When companies plan mergers and acquisitions (M&A) in the vision tech area, they often approach Vision Ventures GmbH & Co. KG for advice. Gabriele Jansen is the founder and managing director of the company. At present, she is a jury member of the LASER World of PHOTONICS Awards 2019. In the interview, she talks about the consolidation trend in the industry, success factors for company takeovers, important growth areas for imaging, and her impressions from working in the jury.
Gabriele Jansen: Certainly. As an M&A boutique, Vision Ventures specializes in the vision tech area, in other words, in companies that work in machine vision, computer vision, embedded vision, and also photonics and optical measuring in the automation environment. As an M&A expert, we work together with owners of vision companies and advise firms that are interested in taking over a vision company. We handle the complete project management process of the sale for the owners. Even during this phase, they can continue to focus on the success of their company. With the buyers, we first develop a vision-specific acquisition strategy. When we have identified suitable targets, we actively support them in purchasing the company.
Jansen: My background is in the vision industry. For about 20 years, I worked in the management teams of vision companies and also owned a firm in this area. In 2012, it was obvious that, sooner or later, there would be consolidation in the industry. Both parties, the sellers and buyers, require M&A support that traditional investment banks do not offer. Vision tech is a very heterogeneous area from image sensors to turnkey systems, from factory automation to autonomous vehicles, and from consulting engineers to multinational corporations. The trick is to bring the right partners together at the right time. We now know that our technology and industry expertise and our large international network of vision players are extremely valuable for our clients.
Jansen: The vision tech industry is characterized by a large number of small and medium-sized companies. There are hundreds of them in Germany alone. Most of these companies do not have the financial clout or the management resources that are needed to achieve international success. Growth by merging with similar companies or by buying suitable companies in the supply chain is an excellent strategy. Imaging and sensor technology have also become established as key technologies in automation, whether in Industry 4.0 or for mobile devices. This makes the market very attractive for big players. Consolidation will be unavoidable for companies to survive in the competition.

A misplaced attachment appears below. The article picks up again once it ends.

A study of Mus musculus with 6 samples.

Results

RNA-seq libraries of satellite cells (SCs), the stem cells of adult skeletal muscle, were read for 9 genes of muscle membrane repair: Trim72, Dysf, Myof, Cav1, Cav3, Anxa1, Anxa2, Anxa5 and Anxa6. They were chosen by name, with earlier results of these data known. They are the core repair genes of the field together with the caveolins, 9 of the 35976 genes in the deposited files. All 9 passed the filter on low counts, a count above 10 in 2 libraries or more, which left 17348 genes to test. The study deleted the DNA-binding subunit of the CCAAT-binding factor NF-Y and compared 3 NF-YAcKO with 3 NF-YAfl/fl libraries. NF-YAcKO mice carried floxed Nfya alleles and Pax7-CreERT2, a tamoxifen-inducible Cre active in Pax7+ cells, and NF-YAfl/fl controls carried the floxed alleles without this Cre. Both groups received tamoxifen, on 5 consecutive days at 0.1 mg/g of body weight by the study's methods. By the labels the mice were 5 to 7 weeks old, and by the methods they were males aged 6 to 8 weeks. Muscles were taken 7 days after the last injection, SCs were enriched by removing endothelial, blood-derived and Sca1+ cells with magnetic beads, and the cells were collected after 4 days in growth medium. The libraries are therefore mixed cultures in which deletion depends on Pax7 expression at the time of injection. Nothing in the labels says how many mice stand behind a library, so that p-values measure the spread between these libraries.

Jansen: The most important factor for the success of a company transaction is, of course, that the partners are a good fit for each other. This applies to the technologies, which should complement each other, the products, which complete a portfolio, or access to markets that enable economies of scale. But it also applies to the cultural compatibility of the teams and companies. Sometimes, the first step towards a company acquisition is a successful strategic alliance in which the partners can get to know each other better. Many vision tech companies are managed by their founders, usually by people with a technical background. For buyers it is important to understand that the most important things for these sellers are the future of “their” company and protection of their teams’ jobs. These are the most important decision-making criteria in addition to the purchase price. On the other hand, it is important for sellers to understand that buyers base their evaluation of the company on its contribution to the future profitability of their organization. Sellers must demonstrate this contribution.
Jansen: Imaging is a key technology for many industries. In the classic areas of application, imaging will continue to grow by around 10 percent per annum. An end to this development is not in sight. But in addition to this, there are technical developments that offer much more growth potential. Think about embedded vision modules in combination with Industry 4.0/IoT. Smaller size, less electricity consumption, and lower costs for the components allow integration in almost every machine and in virtually every stage of production. Where there are currently single or double-digit numbers of vision systems integrated in current production lines, this could become hundreds of systems like this in the medium term. We are talking about every area of industry here – from cars to frozen pizzas. Use of learning technologies is another dynamic growth area. In many applications, analysis and interpretation of image data no longer have to be carried out by algorithms that were developed especially for that purpose. Instead, a comparison of good/bad examples is sufficient. This expands the areas of application and also reduces the technical inhibition level for users. Autonomous machines are another major growth area in the future. Robots, drones, vehicles, or vacuum cleaners – they all need vision systems for autonomous navigation, identification of objects, interaction with humans, and, last but not least, inspection of the specific work results of the device.
Jansen: I have been very impressed by the quality of the submissions and the innovative strength of the products and developments that have been presented. I am very happy that LASER World of PHOTONICS offers these awards and gives companies the opportunity to show their innovations to a larger audience.